December 16, 2018 | ° F

LILIKAS: Positive transformations at Rutgers signal bright future


Opinions Column: Digital Canvas


lilikas


I tend to use my column as a place to discuss my opinions on the constant progress of the digital world (hence the name Digital Canvas), more specifically social media and how it affects different kinds people, businesses and of course, our University. As millennials, social media is important. It drives us to do a lot of things and say a lot of things, so I always felt that my judgments on certain matters would certainly be relatable for those that still read newspapers and op-eds. But for my first article of my senior year, I want to use this space to reflect instead on the constant progress of Rutgers as a community and campus.

Like many other students here, I am born and bred in New Jersey, coming from a long line of Rutgers alumni. So because of this, I know that Rutgers University is not what it used to be a decade ago. No — scratch that. Rutgers is not even what it used to be just three years ago, when I first stepped foot on campus as a freshman. Our five campuses have grown exponentially, and so has the Rutgers community because of it. We are bigger and better than ever before, and as a senior, that only makes it that much harder to leave behind all of these amazing new changes to my future alma mater. There are beautiful buildings being erected every few months, new students coming from parts of the world I barely even know of, and grandiose housing that would have definitely made living on a used, twin sized mattress that much better as a first-year. 

Of course, I would not have changed my Rutgers experience for anything. I look back at my nightmarish roommates and crowded bus rides to and from Cook campus everyday and, oddly enough, enjoy those memories. But even with the great experiences I got to have at this school, I can’t help but feel a tinge of jealousy toward the incoming undergraduates. Sure, they still have to deal with housing lotteries and an overcrowded dining hall, but Surf Taco and a traveling Starbucks truck are a real luxury that I hope they can truly appreciate. Most of my classes and dorm rooms didn’t even have air conditioning, and now we have the Honors College and The Yard on College Avenue that resemble five-star hotels.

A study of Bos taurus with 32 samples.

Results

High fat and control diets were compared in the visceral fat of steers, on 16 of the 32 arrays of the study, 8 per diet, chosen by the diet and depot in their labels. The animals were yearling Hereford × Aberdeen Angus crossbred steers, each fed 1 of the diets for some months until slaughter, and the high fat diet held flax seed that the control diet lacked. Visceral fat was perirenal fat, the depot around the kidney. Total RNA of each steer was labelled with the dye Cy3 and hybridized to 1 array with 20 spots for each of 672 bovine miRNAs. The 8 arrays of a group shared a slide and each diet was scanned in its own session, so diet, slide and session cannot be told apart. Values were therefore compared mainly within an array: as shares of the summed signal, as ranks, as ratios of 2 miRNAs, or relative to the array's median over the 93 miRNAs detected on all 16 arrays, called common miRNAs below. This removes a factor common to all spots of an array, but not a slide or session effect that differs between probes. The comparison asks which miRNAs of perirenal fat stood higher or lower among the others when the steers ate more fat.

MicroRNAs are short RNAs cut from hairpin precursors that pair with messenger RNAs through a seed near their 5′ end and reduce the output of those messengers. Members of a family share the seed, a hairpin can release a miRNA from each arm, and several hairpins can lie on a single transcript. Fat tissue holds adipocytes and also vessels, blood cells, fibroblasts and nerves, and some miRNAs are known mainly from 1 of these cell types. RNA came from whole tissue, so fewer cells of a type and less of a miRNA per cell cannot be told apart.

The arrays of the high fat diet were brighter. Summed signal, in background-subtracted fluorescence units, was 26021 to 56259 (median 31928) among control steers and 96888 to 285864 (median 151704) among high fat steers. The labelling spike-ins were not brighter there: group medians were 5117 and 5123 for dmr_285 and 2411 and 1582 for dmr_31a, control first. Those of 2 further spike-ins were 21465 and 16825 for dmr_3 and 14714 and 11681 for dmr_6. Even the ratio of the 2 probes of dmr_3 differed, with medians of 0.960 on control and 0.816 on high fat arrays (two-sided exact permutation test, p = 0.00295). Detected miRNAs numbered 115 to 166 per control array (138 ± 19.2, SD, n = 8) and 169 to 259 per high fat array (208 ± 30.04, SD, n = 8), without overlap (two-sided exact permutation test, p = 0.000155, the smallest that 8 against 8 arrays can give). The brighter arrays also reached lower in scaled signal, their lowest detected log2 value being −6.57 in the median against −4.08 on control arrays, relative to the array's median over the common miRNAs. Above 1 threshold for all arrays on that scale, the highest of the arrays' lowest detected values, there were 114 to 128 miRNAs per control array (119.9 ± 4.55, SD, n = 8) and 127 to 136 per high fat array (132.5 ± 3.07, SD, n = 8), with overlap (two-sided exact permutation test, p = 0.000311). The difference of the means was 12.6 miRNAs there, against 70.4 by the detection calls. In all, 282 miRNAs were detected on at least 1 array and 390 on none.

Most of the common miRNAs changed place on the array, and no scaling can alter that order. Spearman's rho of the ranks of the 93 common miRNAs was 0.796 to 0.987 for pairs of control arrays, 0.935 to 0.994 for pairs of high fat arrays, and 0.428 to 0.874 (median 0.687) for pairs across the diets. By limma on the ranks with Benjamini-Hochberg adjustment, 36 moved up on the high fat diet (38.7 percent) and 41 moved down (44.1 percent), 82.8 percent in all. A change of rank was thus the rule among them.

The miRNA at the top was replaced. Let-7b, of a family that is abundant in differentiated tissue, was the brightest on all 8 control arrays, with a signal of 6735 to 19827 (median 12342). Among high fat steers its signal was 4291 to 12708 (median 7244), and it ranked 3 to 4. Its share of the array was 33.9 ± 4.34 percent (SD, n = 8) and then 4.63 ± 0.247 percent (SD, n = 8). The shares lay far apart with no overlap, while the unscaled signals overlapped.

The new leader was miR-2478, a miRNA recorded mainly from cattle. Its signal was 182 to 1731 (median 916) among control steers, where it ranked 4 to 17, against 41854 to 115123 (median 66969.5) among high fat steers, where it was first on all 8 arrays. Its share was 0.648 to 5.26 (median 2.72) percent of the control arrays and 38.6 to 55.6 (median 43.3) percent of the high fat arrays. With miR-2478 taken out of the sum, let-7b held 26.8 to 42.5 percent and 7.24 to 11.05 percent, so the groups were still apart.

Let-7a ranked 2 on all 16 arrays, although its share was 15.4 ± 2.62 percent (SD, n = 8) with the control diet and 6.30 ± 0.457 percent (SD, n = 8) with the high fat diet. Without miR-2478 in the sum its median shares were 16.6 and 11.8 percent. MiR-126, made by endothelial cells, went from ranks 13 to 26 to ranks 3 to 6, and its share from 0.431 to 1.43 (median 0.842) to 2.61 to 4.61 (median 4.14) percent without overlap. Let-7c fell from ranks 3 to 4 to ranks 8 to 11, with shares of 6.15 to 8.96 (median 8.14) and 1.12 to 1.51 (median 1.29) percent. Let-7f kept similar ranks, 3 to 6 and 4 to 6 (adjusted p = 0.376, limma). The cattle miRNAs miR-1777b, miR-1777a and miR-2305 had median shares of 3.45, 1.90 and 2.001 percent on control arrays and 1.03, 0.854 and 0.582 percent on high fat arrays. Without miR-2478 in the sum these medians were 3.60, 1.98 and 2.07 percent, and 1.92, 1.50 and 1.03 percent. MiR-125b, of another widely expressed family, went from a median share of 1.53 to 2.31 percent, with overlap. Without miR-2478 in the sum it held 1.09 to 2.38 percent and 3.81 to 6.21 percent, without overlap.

But how we go through college is subjective, so even though the younger students get to have a different experience than any previous graduating classes, it is what we make of our four years here. Even though The Yard would have made for some even better bragging rights as an undergrad, having the most diverse incoming freshman class we’ve ever seen and Big Ten recognition are just two amazing changes of many that this school has been able to achieve. That’s something to be proud of, even if I am a little jealous. I have said this in many of my previous columns, but we are a world-renowned university and we have to be proud of that. And being proud of my school only made me want to work that much harder. 

I came to Rutgers with the hopes of achieving everything I wrote about in my college essay. I thought I would do certain things and become a certain kind of person. However, this ever-changing school has given me the opportunity to do a lot more than just those few things I wrote about in some nonsense essay I ogled over for months when I was 17. The path I believed I would take at that age resembles nothing of the path I am currently on, and that is a very good thing.

Being a senior is scary, and a little sad. For a lot of us, this is the end of our schooling and the start of a real life, where things like health insurance and 401(k)s are not just something our parents talk at us about. Now that I am a mere 12 credits and seven months away from graduating, I have realized that this university has made me grow as a person just as much as it grew as a campus and community. My degree comes with a certain set of responsibilities that I would have never thought about when I was applying to school. So even though being a senior is sad and scary, I am optimistic and hopeful, because things are always changing and getting better — our very own Rutgers being a prime example.

Epatia Lilikas is a School of Arts and Sciences senior majoring in English and economics. Her column, “Digital Canvas,” runs monthly on Wednesdays.